Asparagus is top of the crops

The team from Corker Outdoor, Award sponsor Jason Varney (Thomson, Snell & Passmore) & Eamonn Holmes

On season for approximately eight weeks, asparagus heralds the start of the English summer vegetable season and it certainly enjoys its fair share of the culinary spotlight thanks to its great taste and versatility.

Dubbed the ‘Usain Bolt’ of the vegetable world, spears can grow up to 10 cm in one day. As such the plants need a lot of energy and can’t keep going for any great length of time.

The asparagus season usually begins on St George’s Day, April 23, but this year, according to local farmer Stephen Barnes of Birchden Farm, it has been a little mixed. “Our early site started just before the Easter weekend which was much appreciated, but our later site is yet to start. The mild spell in March got everyone excited about an early season, but I think the lack of rain in recent weeks has brought the season back to a more normal time.”

Stephen, who has been running his farm which is situated on Broadwater Forest Lane, Groombridge for nearly 30 years, says that whatever the weather they always stop cutting spears on June 21.

“The season comes to an end on Midsummers’ day and then we leave the roots in the ground until around September, October time to rest and grow into ferns. This allows the leaves to capture and soak up sunlight, boosting the photosynthesis process and putting sugar back into the roots.”

Due to its slower, cooler growing climate Stephen says that native British asparagus has a more intense, earthy taste to that of its foreign rivals.

Birchden’s asparagus is available for sale seven days a week from the farm, open from 9am to 6pm Monday to Saturday and 9am to 4pm on Sundays.

The farm, which supplies to local foodie pubs within a 5-mile radius of Groombridge and also a couple of restaurants in town, has 30 acres and produces 30 to 40 tonnes of asparagus a year.

Stephen, who also now grows pumpkins, says that he enjoys the ‘buzz’ around harvest time.

“It’s a time of year when spring is bursting out new life and colours in the countryside. It is a great time to be working outside. But the best bit is the buzz and excitement of a busy harvest and the joy we bring to our customers when they venture in to buy their first spears of the new season.”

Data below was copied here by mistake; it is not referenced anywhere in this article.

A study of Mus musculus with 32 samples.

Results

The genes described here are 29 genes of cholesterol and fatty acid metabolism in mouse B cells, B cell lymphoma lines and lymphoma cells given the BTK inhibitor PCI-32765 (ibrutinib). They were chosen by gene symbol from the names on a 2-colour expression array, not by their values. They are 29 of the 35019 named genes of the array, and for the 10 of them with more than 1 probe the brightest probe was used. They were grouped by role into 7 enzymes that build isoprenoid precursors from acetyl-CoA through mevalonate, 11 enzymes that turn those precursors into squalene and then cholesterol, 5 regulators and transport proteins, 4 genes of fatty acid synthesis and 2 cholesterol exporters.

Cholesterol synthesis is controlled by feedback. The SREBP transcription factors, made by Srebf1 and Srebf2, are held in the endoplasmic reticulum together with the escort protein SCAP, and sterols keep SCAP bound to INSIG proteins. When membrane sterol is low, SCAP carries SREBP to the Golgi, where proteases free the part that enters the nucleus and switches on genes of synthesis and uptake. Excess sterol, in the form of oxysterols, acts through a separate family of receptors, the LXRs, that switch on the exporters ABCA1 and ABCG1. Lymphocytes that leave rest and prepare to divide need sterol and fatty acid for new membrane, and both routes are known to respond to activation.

Asparagus is the first real vegetable of the new season and tastes great however you choose to cook it. On that note, Stephen, who comes from generations of market garden produce farmers, says he is a purist.

“My preferred way of eating it is as natural as possible. Lightly steamed with butter and sprinkled with salt it is absolutely delicious.”

But whether you simply steam, dip it into a soft boiled egg, add it to rice dishes, griddle and scatter it with shavings of mature parmesan or snip its sheers into salads, it always tastes absolutely divine…



  • Asparagus is very climate dependent – the soil temperature must be at least 10ºc before it grows

  • It’s only in season for 8 weeks (23 April: St George’s Day – June 21st June: Midsummer’s Day)

  • The proper way to eat it is with your fingers according to etiquette guide Debrett’s – even the Queen eats it this way

  • It is part of the lily family and was called “sparrow grass” in the 17th Century

  • It can help to cure hangovers, protects the liver against toxins and improves digestion

  • Asparagus is known around the world as the “Queen of Vegetables” and during the British season we eat an average of 4.6 million spears a day




Serves: 4

Preparation time: 10 minutes

Cooking time: 20 minutes



30g butter

2 tbsp extra virgin olive oil

1 medium-sized fennel bulb trimmed and thinly sliced

3 small carrots trimmed, peeled and cut into rounds

6 spring onions trimmed and cut into 3

150ml dry white wine

500ml good vegetable stock

250g British asparagus tips

150g fresh peas (podded weight) or frozen petit pois

5 tbsp finely chopped mixed herbs to include mint, chives and parsley

100ml double cream

A squeeze of lemon

Sea salt and freshly ground pepper



Melt the oil and butter in a large pan. Add the fennel and carrots and stir over a gentle heat for about 5-6 minutes being careful not to burn.

Add the spring onion and cook until softened.

Pour in the white wine and reduce by half.

Add the vegetable stock and cook for a further 5 minutes on a low to moderate heat.

Add the asparagus and peas and cook for a further 5 minutes until tender.

Stir in the herbs and cream and season well with a squeeze of lemon juice, sea salt and freshly ground black pepper.





Simply roasted British asparagus spears topped with a butter whipped up in moments. Great for sharing…

Serves: 4

Preparation time: 5 minutes

Cooking time: 7-8 minutes



100g butter, softened to room temperature

1 tbsp thyme leaves

1 tsp smoked paprika

salt and freshly ground black pepper

2 bunches of British asparagus, trimmed



Add the butter to a bowl and use a fork mash until smooth. Stir through the thyme leaves and paprika and season to taste with salt and freshly ground pepper.

Trim the asparagus and spread out in a roasting tin. Drizzle lightly with olive and season with salt and pepper. Roast in a hot oven (180°C fan) for about 7-8 minutes until just tender.

When cooked immediately remove from the oven and place onto a serving dish. Top with the spiced butter which will melt over the cooked asparagus.